Minded Nature: On naturalism and the bond between mind and nature in Schelling’s philosophy


Kristoffer Balslev Willert
Syddansk Universitet


Schelling, Naturalism, Philosophy, Metaphysics, Nature


This thesis develops a metaphysical framework for understanding the bond between “nature” and “mind”. The framework is modelled on F. W. J. Schelling’s philosophy as he presents it between 1795 and 1809. Dissatisfied, both from a metaphysical (theoretical) and existential (practical) point of view, with the common ways of answering the question about how nature and mind hang together – e.g., Cartesian dualism, reductive materialism, Kantian standpoint-dualism, and Fichtean constructivism – Schelling proposed a framework with historical and contemporary relevance. From a set of simple explanatory principles – e.g., minds exist, there is only one world, nothing comes out of nothing – he argued that we can only make sense of the existence of human mindedness if we recalibrate some of our basic understandings of the natural order. Such a recalibration strives to deflate certain “crude” conceptions of what it means for something to be physical or natural that are still caught up in a set of mechanistic assumptions inherited from the 17th and 18th century. To think less crudely about the physical entails that “mindedness” – and its related features such as autonomous agency – is not a human privilege. For example, other organic beings act and think too. In that sense, Schelling’s view has a range of echoes within contemporary theory (e.g., new materialisms) that defies human exceptionalism. That does not entail, as I argue in the thesis, that humans are not distinct from the rest of nature. But it does mean that this distinctness occupies a point, a very indefinite and potentially dangerous one, on a continuum alongside everything else.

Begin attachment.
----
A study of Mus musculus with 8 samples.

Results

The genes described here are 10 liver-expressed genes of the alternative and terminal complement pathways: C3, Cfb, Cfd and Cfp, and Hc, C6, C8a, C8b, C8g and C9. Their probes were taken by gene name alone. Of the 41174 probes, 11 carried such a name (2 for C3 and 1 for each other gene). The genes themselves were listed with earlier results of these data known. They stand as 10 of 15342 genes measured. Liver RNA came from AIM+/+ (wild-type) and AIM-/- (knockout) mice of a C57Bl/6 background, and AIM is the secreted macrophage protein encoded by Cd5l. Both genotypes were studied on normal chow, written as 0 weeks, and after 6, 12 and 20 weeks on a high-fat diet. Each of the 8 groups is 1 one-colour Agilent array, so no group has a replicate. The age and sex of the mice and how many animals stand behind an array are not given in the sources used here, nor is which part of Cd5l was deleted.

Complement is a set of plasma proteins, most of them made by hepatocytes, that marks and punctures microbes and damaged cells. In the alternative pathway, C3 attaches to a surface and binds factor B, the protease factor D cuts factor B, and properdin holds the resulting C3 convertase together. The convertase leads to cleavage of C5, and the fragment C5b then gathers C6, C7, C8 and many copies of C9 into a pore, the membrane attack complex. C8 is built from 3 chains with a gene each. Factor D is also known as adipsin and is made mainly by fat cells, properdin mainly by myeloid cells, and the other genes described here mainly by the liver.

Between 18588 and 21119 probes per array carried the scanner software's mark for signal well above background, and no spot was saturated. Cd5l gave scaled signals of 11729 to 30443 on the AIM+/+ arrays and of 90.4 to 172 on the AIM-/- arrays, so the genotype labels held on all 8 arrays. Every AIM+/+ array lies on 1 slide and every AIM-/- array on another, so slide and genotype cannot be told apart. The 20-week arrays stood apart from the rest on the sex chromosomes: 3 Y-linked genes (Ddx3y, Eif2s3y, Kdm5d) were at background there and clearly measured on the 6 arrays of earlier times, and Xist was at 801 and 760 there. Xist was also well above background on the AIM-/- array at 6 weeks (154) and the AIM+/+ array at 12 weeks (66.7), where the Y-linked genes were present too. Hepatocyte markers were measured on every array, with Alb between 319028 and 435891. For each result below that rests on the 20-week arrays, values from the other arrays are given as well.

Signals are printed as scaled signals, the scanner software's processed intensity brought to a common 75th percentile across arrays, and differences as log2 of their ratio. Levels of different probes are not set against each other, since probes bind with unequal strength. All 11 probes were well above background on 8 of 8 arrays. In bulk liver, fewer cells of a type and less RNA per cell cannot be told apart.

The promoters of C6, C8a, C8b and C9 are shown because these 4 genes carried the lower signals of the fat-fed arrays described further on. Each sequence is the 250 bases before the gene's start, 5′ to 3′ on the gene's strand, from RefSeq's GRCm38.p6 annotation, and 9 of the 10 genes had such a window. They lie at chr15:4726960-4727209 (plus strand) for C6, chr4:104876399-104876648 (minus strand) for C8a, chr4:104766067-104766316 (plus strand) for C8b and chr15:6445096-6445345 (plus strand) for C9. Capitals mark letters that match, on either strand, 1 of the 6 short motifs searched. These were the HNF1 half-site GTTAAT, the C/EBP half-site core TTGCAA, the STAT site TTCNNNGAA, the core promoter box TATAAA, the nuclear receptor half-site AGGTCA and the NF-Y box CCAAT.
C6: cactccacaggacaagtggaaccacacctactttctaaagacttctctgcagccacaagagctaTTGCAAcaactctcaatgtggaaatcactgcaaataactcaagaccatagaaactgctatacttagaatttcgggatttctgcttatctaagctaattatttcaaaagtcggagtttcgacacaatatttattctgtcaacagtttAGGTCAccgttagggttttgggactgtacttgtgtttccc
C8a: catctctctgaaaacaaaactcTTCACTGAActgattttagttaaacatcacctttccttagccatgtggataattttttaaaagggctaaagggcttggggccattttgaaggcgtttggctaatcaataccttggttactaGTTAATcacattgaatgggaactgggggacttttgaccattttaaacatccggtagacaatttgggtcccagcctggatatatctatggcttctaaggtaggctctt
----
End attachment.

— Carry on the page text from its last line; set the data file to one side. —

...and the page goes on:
The radicality of Schelling’s account, which I reconstruct as a Spinoza-influenced version of what contemporaries call neutral monism, is that not only do non-human organisms have degrees of autonomy, conceptuality, and sentience (which should not be controversial); we must also understand the inorganic world (“matter”) as being structurally isomorphic to the organic world in terms of being self-organizing and active as fundamentally relational. This is the central aim of Schelling’s so-called Naturphilosophie. We could also call Schelling’s monism a form of naturalism, but an expanded or open-minded kind. Everything in nature – from chemical substances and blades of grass to human moral agency – (also) contains, to a certain degree, what he calls “ideal” aspects.

I will argue that Schelling’s metaphysical model exhibits a radically new world-picture that is designed to challenge and replace other world-pictures that, at least since “modernity”, have been governing how we think about our place in nature. Such a strategy is more imperative today than ever. As I will argue towards the end of the thesis, Schelling’s anti-mechanism and his broadening of the concept of mind in the natural world can have direct influence how to understand and engage today’s environmental catastrophes that result from what Schelling calls the “economic” and “exploitative” view on nature that he associates with Fichte’s idealism and modern philosophy as such. Whereas other world-pictures entail an “annihilation” of nature by reducing its myriads of life to machine-like things that have nothing but instrumental value, what Schelling seeks is a basis for humans to develop “sympathetic” relations to the natural world.

Chapter 1 and 2 present contemporary and historical attempts to answer how mind and nature hang together, namely reductive materialism, liberal naturalism, and Kantian standpoint-dualism. The rest of the thesis is staged around Schelling’s dissatisfaction with all these answers. In Chapter 3, I present Schelling’s systematic methodology and how we see an attempt to overcome Kantian dualism in some of Schelling’s earliest texts. Chapter 4 is about Schelling’s Naturphilosophie. Chapter 5 is about what I call Schelling’s philosophical anthropology, which is supposed to supplement the Naturphilosophie. In Chapter 6, I present Schelling’s neutral monism as a result of the conclusions in the previous chapters. In the Conclusion, I point towards the ecological aspects of Schelling’s thinking that can be relevant for contemporary perspectives.